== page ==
Effective means of communication are paramount to ensure that drivers and their employers are fully aware of the dangers associated with road transport and have a good understanding of what can be done to improve safety. However, for a number of reasons disseminating information within the road transport sector is particularly challenging. The majority of companies are small enterprises employing fewer than 10 workers and many drivers are self-employed. Drivers often work away from a fixed base, and many have long experience and are used to very independent ways of working.

This independence coupled with the highly competitive nature of the road transport sector can also make drivers and their employers reluctant to implement new ways of working. Drivers have a tendency to trust their own experience most, and are reluctant to accept occupational safety and health (OSH) advice from outside bodies, even if they are aware of it. And there appears to be a lack of communication on OSH between drivers and their employers and managers or, in the case of owner-drivers, the companies that contract them. Those working in road transport are more likely to take notice of practical and visual information, provided they see it as relevant.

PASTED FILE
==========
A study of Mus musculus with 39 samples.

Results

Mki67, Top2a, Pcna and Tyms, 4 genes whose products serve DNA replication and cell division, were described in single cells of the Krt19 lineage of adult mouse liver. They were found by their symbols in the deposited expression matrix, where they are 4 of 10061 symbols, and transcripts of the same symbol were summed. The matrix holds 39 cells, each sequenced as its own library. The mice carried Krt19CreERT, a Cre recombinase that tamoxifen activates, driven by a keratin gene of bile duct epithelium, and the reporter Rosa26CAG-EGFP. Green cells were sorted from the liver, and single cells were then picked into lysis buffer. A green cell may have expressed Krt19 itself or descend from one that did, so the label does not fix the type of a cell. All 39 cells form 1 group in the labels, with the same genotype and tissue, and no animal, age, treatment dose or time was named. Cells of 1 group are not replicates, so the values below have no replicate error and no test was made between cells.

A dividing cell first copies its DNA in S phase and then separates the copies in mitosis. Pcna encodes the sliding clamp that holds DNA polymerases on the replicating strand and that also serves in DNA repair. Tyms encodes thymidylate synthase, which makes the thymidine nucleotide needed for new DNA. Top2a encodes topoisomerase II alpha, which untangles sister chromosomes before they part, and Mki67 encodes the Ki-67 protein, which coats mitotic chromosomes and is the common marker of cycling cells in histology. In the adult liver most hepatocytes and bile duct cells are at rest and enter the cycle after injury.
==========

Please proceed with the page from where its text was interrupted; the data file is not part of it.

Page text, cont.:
The examples featured in the report used a variety of approaches:

  • 44 cases used an individual approach, with the aim of modifying knowledge or attitudes; this approach requires relatively few resources and can be a cost-effective way of reaching a large population;
  • 12 cases used a collective approach, with the aim of making structural and/or cultural changes; this approach has often proved to offer significant OSH improvements;
  • 4 cases used a concerted approach, which aimed to modify both knowledge and attitude, whilst also striving to initiate structural and cultural change; this approach requires more resources, but is considered to have the greatest effect.

From the examples, a variety of success factors can be seen and suggestions made, which can be divided into a number of interrelated key issues:

  • using an evidence-based, risk management-based and practical approach;
  • giving special attention to reaching the target audience;
  • engagement and partnership;
  • tailoring actions to the audience;
  • using a variety of measures and media.

The characteristics of drivers mentioned above, such as their expertise and independence, have various implications for communication such as:

  • using places they frequent — truck stops on highways, etc.;
  • ensuring approaches are practical but not patronising;
  • ensuring that advice and solutions are based on drivers’ practical experiences; using drivers as advocates;
  • involving drivers intimately in solutions — solutions need to be developed by drivers for drivers (using participatory methods) to incorporate their experience and to gain their acceptance.

The report suggests that engagement and partnership should go beyond drivers. Targets may need to include employers, managers, vehicle operators, loading staff, and both receivers and dispatchers of goods. Partnerships may include OSH organisations, road transport sector stakeholders including social partners, and road safety organisations. Some activities may be targeted generally at drivers’ families and the general public.